Private Prosecution Set to Proceed
Health and Safety / 22 May 2019
Private prosecutions may well be set to occur more regularly under the Health and Safety at Work Act 2015 (HSWA), as the process to do this is simpler than under the old law.
A recent High Court decision has clarified the level of evidence that is required for a worker (or other person) to successfully commence a private prosecution under the HSWA, confirming it was not necessary to hear from the defendants, and the Court may consider information inadmissible at trial.
Case Summary: Goodman Fielder New Zealand Ltd et al v Andrew Rickard-Simms  NZHC 599
In April 2016 Mr Rickard-Sims, then an employee, fell from a ladder suffering serious head injuries at work. He has no memory of the accident, but a witness claimed the ladder was struck by a forklift.
The employee filed charges in the District Court seeking to commence a private prosecution against Engie Services NZ Ltd, his employer at the time of the accident, Goodman Fielder NZ Ltd, and Hall’s Refrigerated Transport Ltd.
The first step in any private prosecution is to persuade the District Court that a case can be made out, and that the prosecution is not malicious or otherwise vexatious. Here, the employee did that, and the three defendants then sought judicial review, arguing prosecution should be stopped including because of the inadmissible hearsay evidence relied on.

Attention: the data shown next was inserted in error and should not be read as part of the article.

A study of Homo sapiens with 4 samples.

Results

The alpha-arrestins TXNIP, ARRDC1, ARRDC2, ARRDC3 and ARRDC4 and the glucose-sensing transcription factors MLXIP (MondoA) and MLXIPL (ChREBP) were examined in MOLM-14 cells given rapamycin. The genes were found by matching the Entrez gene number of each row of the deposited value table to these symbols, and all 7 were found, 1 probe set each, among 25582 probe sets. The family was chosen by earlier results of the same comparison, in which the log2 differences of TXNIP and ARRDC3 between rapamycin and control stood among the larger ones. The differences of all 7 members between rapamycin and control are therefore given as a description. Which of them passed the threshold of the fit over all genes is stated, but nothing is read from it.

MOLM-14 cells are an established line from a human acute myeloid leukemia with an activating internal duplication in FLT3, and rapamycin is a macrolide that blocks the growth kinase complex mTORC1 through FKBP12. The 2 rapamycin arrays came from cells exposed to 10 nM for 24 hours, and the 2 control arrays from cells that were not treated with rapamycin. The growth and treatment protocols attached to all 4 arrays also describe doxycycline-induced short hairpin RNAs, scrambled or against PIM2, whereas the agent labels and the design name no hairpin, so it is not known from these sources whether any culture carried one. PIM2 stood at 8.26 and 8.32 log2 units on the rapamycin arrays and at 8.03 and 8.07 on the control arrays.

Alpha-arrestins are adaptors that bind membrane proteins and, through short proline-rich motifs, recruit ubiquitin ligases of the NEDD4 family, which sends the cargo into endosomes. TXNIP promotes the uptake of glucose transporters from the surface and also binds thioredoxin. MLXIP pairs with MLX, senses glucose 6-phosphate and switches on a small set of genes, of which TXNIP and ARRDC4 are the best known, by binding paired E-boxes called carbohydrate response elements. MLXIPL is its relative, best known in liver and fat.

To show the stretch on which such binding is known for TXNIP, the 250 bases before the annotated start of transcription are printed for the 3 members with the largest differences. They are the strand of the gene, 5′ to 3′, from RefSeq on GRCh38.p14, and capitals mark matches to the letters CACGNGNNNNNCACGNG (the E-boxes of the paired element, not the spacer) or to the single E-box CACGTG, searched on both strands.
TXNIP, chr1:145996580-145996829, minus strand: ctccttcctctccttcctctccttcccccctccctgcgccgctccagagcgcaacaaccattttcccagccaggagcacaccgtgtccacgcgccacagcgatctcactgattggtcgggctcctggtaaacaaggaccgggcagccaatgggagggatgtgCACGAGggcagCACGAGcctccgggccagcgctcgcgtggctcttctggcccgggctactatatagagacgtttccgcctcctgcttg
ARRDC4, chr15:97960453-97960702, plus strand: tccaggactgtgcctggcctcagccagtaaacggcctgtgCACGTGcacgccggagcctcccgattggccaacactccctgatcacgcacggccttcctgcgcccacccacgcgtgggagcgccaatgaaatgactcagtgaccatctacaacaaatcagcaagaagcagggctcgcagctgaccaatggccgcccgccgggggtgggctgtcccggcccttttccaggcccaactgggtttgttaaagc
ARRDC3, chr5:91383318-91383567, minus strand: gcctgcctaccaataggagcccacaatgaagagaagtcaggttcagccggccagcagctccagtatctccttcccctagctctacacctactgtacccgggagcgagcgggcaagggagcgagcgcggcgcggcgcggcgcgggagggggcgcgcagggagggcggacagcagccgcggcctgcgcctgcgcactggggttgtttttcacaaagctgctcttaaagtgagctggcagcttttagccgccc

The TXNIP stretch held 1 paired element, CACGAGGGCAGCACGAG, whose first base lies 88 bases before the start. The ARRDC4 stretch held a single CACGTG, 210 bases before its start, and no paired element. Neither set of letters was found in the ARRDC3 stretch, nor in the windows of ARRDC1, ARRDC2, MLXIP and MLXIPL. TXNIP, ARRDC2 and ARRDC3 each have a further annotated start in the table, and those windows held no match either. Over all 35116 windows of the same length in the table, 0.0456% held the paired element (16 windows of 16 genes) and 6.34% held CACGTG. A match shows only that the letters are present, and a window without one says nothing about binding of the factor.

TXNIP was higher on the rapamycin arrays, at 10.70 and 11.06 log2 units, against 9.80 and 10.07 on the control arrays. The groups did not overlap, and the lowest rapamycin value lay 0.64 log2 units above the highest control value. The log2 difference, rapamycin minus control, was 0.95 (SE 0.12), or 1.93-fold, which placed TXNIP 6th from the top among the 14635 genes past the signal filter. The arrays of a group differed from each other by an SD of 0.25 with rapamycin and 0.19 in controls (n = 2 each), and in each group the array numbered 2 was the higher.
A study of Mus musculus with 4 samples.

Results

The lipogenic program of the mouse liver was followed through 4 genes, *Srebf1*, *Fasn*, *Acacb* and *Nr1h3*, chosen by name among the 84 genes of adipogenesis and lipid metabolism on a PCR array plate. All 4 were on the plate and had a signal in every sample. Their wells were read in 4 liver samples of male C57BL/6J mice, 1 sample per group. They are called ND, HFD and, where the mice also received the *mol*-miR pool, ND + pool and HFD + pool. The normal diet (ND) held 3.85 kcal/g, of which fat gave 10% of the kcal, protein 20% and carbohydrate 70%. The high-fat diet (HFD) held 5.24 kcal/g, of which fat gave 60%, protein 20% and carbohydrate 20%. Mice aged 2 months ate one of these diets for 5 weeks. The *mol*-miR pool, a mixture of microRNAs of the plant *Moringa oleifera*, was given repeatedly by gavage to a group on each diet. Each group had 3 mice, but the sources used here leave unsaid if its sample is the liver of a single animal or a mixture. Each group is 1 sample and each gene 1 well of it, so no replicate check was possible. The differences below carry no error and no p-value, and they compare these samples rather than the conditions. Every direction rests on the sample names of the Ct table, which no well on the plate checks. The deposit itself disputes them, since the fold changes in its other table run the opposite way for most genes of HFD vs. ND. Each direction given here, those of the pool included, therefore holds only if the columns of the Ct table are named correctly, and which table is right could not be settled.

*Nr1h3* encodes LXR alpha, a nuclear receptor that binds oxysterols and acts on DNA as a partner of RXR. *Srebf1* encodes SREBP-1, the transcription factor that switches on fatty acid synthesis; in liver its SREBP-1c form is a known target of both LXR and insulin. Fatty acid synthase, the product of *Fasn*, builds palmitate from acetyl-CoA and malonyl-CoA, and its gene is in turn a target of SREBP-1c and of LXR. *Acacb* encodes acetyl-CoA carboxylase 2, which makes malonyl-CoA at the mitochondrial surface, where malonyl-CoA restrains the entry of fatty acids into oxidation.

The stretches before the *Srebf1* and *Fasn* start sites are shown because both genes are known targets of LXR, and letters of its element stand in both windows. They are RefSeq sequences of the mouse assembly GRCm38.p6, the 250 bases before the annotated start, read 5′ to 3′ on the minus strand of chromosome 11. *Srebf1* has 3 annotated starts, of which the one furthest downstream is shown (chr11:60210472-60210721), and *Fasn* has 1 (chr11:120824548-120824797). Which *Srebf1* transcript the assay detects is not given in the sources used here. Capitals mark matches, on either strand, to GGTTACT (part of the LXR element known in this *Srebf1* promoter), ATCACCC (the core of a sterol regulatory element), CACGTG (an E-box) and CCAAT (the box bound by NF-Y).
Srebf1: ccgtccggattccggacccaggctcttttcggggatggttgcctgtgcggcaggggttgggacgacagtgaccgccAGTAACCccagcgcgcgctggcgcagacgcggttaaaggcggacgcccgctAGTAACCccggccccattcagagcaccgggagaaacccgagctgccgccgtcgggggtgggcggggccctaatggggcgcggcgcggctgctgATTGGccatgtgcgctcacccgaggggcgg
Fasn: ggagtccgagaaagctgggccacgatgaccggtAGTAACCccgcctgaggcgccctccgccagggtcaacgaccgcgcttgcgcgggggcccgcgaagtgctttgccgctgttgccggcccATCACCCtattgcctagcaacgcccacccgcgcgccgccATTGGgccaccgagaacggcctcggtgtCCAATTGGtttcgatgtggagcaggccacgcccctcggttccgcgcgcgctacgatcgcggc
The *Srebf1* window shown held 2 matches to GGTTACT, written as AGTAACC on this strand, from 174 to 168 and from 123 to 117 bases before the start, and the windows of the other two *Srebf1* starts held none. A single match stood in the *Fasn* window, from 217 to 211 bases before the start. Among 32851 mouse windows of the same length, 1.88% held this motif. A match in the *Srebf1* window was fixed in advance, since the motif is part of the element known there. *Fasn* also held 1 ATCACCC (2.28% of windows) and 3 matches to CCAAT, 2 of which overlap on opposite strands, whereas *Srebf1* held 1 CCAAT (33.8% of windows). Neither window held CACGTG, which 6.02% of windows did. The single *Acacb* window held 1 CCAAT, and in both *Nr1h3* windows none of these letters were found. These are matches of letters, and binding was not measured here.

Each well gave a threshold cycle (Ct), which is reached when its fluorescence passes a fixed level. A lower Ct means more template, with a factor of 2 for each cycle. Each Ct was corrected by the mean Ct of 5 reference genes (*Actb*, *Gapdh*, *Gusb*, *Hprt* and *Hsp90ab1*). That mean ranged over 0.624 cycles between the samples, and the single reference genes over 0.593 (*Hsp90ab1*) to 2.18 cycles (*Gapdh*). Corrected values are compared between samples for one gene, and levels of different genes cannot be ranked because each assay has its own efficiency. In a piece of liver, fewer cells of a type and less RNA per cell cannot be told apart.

The challenge was rejected, and the High Court held the employees claim appropriately established there was a case to answer, regardless of the hearsay evidence used at that point, and the fact the defendants had not had a chance to respond. The private prosecution is set to proceed.
Message For Employers
If proceedings are filed against your business:
- You may be excluded from the initial step in deciding whether the prosecution is permitted to proceed;
- Evidence that may not be admissible later may still be considered during this first step; and
- A worker may be able to establish a prima facie case by their own personal evidence.
Disclaimer: we remind you that while this article provides commentary on employment law and health and safety topics, it should not be used as a substitute for legal or professional advice for specific situations. Please seek legal advice from your lawyer for any questions specific to your workplace.